Fears



Earlier this year, on Valentine’s Day, a boy walked into Marjory Stoneman Douglas High School near the end of the school day and pulled a fire alarm. He was armed. He had planned this attack. A 19 year old planned an armed attack on his former high school. Who’s to say that any school is immune from such an attack?

Just a few months later, during first period, a boy armed with a shotgun and a pistol entered Santa Fe High School and started shooting. I was sitting in my English class when the reports came in. Everyone kept saying that the shooting was so close to home. Just 30 miles. All I could think was that Santa Fe, New Mexico was definitely not 30 miles from Houston. Then it hit me. Santa Fe, Texas. Just a 45 minute drive from the room I was sitting in at the time. Far enough away that our days were not affected but close enough to really scare me. Much closer than past shootings.

I know that my school has more police officers than most schools and locked doors and lots of doors to escape through. I’m still scared. I remember the first fire drill after the Stoneman Douglas shooting. The teacher told us to go to the designated area across the street from the school. My classmates and I refused to move. What if this was not a drill? What if leaving would mean walking to our deaths?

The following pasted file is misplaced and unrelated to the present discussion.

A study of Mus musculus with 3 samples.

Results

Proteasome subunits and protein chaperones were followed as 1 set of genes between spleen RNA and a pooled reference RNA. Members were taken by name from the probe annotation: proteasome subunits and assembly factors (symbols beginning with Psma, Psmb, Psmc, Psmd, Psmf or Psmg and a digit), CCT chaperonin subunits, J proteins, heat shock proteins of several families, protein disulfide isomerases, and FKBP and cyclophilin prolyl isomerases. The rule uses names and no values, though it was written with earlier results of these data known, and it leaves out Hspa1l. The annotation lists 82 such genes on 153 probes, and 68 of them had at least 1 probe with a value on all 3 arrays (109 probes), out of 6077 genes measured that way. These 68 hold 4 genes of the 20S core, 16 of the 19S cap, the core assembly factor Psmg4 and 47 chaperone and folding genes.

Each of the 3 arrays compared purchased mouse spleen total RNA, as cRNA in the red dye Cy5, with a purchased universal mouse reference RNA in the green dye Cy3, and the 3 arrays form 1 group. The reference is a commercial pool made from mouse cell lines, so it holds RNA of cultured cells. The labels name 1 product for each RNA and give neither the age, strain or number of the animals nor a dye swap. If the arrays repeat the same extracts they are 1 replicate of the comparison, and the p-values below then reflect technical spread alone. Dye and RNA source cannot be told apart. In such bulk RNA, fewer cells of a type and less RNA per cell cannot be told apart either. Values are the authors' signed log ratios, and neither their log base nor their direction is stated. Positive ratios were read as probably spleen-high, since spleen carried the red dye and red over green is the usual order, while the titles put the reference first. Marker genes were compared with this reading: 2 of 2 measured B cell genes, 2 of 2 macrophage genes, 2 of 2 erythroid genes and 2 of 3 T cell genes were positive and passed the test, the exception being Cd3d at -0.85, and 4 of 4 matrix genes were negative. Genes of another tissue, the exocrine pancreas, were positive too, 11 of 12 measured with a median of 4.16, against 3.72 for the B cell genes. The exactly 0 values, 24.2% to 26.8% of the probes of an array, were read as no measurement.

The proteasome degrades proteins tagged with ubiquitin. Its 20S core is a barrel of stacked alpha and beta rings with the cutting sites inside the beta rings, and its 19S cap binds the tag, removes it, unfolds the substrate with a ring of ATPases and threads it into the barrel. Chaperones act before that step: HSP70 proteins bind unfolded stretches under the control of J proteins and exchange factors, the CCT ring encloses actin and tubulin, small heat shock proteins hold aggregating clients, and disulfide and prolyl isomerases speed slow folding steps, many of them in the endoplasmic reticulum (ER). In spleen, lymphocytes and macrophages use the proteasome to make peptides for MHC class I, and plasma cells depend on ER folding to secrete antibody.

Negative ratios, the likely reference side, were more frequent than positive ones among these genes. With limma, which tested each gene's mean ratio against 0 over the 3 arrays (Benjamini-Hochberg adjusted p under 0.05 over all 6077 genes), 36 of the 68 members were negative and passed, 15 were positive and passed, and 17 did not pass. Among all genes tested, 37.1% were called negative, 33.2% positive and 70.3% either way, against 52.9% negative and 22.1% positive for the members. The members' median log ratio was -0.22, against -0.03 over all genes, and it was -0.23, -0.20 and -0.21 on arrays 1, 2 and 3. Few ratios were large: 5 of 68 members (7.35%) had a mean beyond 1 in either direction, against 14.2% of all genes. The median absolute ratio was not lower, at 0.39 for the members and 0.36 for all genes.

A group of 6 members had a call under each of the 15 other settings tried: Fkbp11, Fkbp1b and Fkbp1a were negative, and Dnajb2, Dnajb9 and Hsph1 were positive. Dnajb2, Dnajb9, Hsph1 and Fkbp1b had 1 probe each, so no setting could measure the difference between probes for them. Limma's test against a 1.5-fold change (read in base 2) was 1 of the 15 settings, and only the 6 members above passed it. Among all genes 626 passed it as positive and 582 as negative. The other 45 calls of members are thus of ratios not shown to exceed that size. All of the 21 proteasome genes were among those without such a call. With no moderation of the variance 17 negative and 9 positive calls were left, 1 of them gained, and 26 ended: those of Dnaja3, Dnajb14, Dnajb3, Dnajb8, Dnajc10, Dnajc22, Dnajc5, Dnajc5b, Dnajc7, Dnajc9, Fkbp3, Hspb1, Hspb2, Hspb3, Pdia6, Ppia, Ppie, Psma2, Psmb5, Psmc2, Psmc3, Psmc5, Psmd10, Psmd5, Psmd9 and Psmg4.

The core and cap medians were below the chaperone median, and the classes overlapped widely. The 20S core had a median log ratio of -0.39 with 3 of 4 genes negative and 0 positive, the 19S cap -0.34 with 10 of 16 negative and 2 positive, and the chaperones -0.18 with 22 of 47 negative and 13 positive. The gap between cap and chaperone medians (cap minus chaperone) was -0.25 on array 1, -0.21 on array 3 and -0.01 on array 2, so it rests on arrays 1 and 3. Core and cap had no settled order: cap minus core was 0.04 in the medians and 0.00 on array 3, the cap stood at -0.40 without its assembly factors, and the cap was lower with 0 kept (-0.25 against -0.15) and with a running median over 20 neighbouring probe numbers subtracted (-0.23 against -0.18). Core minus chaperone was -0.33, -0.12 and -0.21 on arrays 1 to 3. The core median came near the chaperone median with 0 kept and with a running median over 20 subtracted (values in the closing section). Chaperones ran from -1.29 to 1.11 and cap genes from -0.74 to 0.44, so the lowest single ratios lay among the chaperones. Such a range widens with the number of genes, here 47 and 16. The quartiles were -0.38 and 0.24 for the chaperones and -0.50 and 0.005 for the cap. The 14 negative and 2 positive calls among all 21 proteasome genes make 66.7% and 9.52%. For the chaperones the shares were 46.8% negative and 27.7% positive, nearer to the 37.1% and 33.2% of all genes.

I also remember the school shooting lockdown drill we had right after that Valentine’s. My Pre-Cal teacher was already emotional from talking about the lockdown training videos the teachers had to watch the day before and then the PA system clicked on,

“This is a school shooting situation… [pause] drill. Teachers please begin lockdown procedures.”

My teacher cried. A couple students faces’ lost all their color, and I swear for a moment no one’s lungs took in air and no one’s heart beat. That pause. It sent adrenaline pumping in our veins and we were frozen like deer in the headlights. Then a couple students sitting near the door snapped into action,

“You grab that side of the bookcase and I’ll move the other shelf to block the door.”

“You at the back— draw the blinds so the windows are covered and everyone get down at the front of the class.”

It was just a drill but it made us think. We spent a good chunk of the rest of class discussing various ways to barricade the doors or the heavy objects we could theoretically throw at a shooter. I don’t think anyone remembered the lesson from that day; the adrenaline erased our ability to learn for a couple hours.

My other classes felt mostly safe, except for one. The room was one of the original rooms that butted up against the science wing. Of course when they constructed the science wing they didn’t bother to tear out the windows at the back of the classroom, so if you peeked through the blinds you could look right out onto a hallway. A shooter could shoot from that hallway into the classroom. There was nowhere to hide.

These are the thoughts that scare me. These are the what-ifs that take up too much space in my daily routine. These are the thoughts I forget over the summer but remember far too vividly come the first day of school. These realities that we face are why my generation has been labeled “the School Shooting” generation. We were born with Columbine, and we fear that we will die the same way.